Unite the Union all-island tie set to have all-female officiating teamSat, Oct 19 2019
Linfield and Dundalk will face each other next month in the two-legged play-off for the new Unite the Union Champions Cup with an all-female officiating team in charge of the second leg.
The first leg will be at the National Football Stadium at Windsor Park on 8 November with the second set for Oriel Park three days later. That second game will be refereed by the same female match officials who supervised the women’s World Cup final and the UEFA Super Cup decider in Baku between Chelsea and Liverpool.
Frence referee Stephanie Frappart with be joined by her compatriot Manuela Nicolasai as assistant referee on one side with Irishwoman Michelle O’Neill running the other line.
Dubliner Paula Brady rounds out the refereeing team as she will be the fourth official. That quartet will arrive in Dundalk just days after officiating at the sold out Wembley friendly between England’s women team and Germany.
Unite the Union Champions Cup is the first stab at a competition involving clubs from the two top tier leagues on this island since the demise of the Setanta Sports Cup which was last won when Sligo Rovers beat the Lilywhites in the 2014 final.
Dundalk have just been crowned SSE Airtricity league champions again while Linfield’s bid to retain their Danske Bank Premiership title sees the Belfast side currently sitting in fourth place, eight points behind leaders Crusaders, but with three games in hand.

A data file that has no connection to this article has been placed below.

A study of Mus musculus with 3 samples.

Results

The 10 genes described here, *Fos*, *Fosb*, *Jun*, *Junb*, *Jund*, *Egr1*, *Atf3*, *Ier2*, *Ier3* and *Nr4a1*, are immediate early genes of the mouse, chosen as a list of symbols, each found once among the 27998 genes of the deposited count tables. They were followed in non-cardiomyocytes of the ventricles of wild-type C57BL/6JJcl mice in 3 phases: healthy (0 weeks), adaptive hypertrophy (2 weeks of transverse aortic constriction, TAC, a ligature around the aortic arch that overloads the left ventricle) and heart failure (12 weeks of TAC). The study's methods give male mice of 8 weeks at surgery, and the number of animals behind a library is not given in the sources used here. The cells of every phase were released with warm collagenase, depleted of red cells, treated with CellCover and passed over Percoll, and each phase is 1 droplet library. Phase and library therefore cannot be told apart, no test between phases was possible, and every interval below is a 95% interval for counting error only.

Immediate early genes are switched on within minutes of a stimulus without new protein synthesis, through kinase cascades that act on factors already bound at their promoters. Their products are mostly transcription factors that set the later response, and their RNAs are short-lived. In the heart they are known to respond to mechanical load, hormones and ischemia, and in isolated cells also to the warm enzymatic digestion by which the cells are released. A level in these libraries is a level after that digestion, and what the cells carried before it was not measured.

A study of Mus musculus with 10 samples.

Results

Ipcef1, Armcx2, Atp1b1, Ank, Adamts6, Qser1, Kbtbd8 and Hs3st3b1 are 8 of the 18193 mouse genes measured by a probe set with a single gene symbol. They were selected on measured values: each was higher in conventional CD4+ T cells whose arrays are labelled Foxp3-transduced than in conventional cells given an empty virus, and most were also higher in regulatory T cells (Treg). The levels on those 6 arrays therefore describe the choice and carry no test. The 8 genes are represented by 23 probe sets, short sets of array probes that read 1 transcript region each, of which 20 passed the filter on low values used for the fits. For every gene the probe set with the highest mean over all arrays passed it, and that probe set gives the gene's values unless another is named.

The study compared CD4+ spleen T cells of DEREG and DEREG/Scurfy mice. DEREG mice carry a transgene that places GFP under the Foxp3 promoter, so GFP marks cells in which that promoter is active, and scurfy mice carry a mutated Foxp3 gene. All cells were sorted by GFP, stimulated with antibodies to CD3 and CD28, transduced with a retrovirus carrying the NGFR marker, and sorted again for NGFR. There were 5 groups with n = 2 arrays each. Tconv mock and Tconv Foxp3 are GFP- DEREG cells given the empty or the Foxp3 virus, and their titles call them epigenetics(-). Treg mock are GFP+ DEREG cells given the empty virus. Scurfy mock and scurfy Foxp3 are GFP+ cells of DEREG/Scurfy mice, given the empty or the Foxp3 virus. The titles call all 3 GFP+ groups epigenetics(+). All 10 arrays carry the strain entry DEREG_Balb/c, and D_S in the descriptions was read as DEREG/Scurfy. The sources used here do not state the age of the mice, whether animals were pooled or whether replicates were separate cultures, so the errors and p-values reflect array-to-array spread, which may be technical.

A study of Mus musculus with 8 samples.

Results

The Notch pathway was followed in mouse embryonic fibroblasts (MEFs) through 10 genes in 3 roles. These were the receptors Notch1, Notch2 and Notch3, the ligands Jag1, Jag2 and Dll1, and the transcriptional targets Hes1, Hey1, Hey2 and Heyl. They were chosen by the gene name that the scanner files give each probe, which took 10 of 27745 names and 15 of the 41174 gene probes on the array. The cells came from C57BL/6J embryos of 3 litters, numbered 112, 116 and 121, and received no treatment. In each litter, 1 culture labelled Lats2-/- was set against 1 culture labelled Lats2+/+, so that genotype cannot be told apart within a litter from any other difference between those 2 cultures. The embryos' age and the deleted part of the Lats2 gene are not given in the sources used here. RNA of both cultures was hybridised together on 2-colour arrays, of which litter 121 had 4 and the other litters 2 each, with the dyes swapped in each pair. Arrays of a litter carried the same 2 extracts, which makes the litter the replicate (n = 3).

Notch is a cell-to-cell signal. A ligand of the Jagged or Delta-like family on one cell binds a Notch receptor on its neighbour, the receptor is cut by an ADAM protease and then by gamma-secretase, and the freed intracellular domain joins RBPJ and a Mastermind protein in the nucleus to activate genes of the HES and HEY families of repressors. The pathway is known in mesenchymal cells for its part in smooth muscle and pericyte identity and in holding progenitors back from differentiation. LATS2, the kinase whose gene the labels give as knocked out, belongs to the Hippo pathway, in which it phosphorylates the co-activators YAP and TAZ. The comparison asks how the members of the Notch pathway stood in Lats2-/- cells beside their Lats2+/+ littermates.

A payment pot of €50,000 will go to the winners of the new trophy while the runners-up will bag €25,000. Trade union Unite, who have signed a three year deal to sponsor the competition, will also advance €25,000 towards community-based projects in the competing teams' local areas.
"Everyone in Unite is excited with the prospect of the Champions Cup. Football is something that is in the veins of working class people, of their communities; it cuts across divides and brings people together," said Unite the Union Regional Secretary Jackie Pollock.
Northern Ireland goalkeeping legend Pat Jennings will act as an ambassador to the competition. "We had our sectarian problems in Ireland but hopefully we can keep bringing communities together and the Unite the Union Champions Cup can play a small part in that,” said the former Arsenal and Tottenham keeper.
“Hopefully this tournament will last and we can get rid of some of the hatred we see today in football. There's no room for racism or sectarianism. Hopefully these Cup games will unite people.”
Dundalk midfielder Chris Shields (who attended this week's launch in Belfast along with Linfield counterpart Bastien Hery) also spoke enthusiastically about the north-south clash.
“(It’s) a great initiative and especially with the talk of maybe, one day an all-island league. I have a fondness for the league up here, living in Bangor; I watch the Northern Ireland league more than any other because it’s on my doorstep. I was here the night Linfield played Qarabag and they were excellent that night.”